After barely rejecting a similar motion in January, the London School of Economics Students’ Union Thursday approved a resolution calling for the university and the National Union of Students to divest from companies that do business in Israel, which they dubbed the “apartheid regime.”
Apparently the uniquely evil nature of Israel in the world has become an obsession for some LSE students. Have any of our readers attended any of these meetings at the school? Has anyone ever proposed a motion there to divest from, say, China, Sudan, Burma, Saudi Arabia, Iran– or for that matter, any of the 43 countries designated by Freedom House as “not free”?
If I were a student at LSE, I think I would make it my business to attend the next student union meeting and go down the list of those 43 countries, proposing a divestment motion for each one– until I was ruled out of order and removed by the sergeant-at-arms.
David T adds
I’m not a massive fan of boycotts. Serious ones can have unintended consequences particularly when they are systematically undermined. Symbolic ones are all well and good as ways of rallying opinion, but are only as good as the particular message that is being pushed.
That said, I wouldn’t be opposed in principle to a strategic boycott, including of Israel, if it was intended to give parties a push towards settlement, particularly where one party was keen to negotiate a proper equitable settlement, and there was a real possibility that the intransigence of the other party could be broken by such measures.
There’s a world of difference between that, and what is being proposed in the context of Israel by the BSM movement.
The BSM movement is part of a post-Durban push, to establish Israel as a pariah apartheid state. It does so, as part of a political movement which also devotes its efforts to (for example) crushing efforts like One Voice, which are genuine grassroots Two Statist initiatives.
A genuine two statist boycott motion would be an interesting thing to see.
1. It would start by making it very clear that it was committed to two separate states of Israel and Palestine, within secure and independent borders.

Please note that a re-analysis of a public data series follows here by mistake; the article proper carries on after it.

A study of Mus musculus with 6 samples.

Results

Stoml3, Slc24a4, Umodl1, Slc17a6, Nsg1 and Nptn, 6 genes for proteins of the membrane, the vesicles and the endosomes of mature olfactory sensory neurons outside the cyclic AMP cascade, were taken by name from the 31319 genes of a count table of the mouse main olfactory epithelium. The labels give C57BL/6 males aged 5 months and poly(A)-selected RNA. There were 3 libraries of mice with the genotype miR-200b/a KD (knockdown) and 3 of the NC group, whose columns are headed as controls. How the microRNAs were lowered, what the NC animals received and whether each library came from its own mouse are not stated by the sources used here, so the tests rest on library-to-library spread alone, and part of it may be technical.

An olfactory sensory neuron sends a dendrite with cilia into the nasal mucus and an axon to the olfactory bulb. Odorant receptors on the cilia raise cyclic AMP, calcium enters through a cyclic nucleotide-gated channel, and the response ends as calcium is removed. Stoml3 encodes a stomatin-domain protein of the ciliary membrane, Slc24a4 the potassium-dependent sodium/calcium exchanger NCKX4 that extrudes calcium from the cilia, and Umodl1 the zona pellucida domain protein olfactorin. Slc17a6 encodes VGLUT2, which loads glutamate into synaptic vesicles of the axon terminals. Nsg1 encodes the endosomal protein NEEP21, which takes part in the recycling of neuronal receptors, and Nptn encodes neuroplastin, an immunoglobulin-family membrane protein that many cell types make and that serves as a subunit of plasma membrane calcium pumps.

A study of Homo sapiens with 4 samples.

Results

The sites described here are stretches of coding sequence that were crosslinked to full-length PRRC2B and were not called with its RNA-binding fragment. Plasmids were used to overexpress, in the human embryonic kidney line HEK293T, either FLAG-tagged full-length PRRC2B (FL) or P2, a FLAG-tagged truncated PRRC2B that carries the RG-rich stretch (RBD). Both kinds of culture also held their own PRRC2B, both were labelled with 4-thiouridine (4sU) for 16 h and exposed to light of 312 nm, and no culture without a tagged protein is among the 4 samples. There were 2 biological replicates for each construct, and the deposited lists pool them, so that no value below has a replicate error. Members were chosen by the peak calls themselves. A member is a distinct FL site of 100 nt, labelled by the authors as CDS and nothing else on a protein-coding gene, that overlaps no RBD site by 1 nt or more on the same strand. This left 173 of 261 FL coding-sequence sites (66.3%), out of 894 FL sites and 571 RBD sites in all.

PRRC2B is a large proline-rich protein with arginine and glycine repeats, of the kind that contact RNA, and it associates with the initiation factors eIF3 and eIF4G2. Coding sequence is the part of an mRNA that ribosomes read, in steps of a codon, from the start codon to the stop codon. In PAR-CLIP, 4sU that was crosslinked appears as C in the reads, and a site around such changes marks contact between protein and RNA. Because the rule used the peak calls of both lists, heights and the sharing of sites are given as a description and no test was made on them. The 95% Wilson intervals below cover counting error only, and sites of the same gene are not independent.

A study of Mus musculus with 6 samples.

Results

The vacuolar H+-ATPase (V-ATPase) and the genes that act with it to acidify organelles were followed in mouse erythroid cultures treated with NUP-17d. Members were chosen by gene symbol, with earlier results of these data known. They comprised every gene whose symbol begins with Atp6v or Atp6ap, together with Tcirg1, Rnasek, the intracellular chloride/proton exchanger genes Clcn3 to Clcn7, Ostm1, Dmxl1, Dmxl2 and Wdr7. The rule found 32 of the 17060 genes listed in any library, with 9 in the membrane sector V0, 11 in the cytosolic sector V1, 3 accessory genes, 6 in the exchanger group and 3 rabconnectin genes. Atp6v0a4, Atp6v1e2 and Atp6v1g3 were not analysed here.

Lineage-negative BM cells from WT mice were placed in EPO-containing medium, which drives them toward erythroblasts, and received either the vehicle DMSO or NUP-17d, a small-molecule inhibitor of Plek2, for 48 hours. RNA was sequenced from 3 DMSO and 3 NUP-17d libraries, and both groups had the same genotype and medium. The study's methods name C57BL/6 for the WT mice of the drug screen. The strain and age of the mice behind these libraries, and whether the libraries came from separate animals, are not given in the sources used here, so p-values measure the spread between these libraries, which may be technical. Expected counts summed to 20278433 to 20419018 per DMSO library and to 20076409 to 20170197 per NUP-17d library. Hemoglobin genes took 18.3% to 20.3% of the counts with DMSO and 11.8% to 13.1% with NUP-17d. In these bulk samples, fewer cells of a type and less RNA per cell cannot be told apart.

2. It would be balanced: the Naqba and the expulsion of the Mizrahi jews from the Arab world, the human rights abuses practiced by both sides, the legality of the establishing of the State of Israel alongside the illegality of continued settlement building, the consequences of the Wall on Palestinian lives alongside the consequences of the absence of the Wall on Israeli lives, and so on.
3. It would explicitly support concrete, existing Two States supporting initiatives. It wouldn’t – for example – endorse Two States but then support the right of return of the extended families and descendants of those who left 60 years ago: knowing full well that such a settlement is not a “Two States” one in any sense at all.
You can see what such a motion might look like, if you have a gander at the amendment to the Green Party’s own recently passed BDS motion. It is here on pages 17 and 18. You have to ask yourself why the BDS is committed to undermine constructive motions like this. The answer is simple.
A constructive push for peace isn’t the purpose of these motions, because the intent of the BDS movement is not to support Two States. It is, rather, to push the Durban agenda of delegitimising Israel.
Update: According to a commenter:
The motion does not refer to Israel as an apartheid state (the previous motion did but, in order to reach consensus, the new motion removed this reference).
The commenter says the LSE has already divested from Burma and Sudan.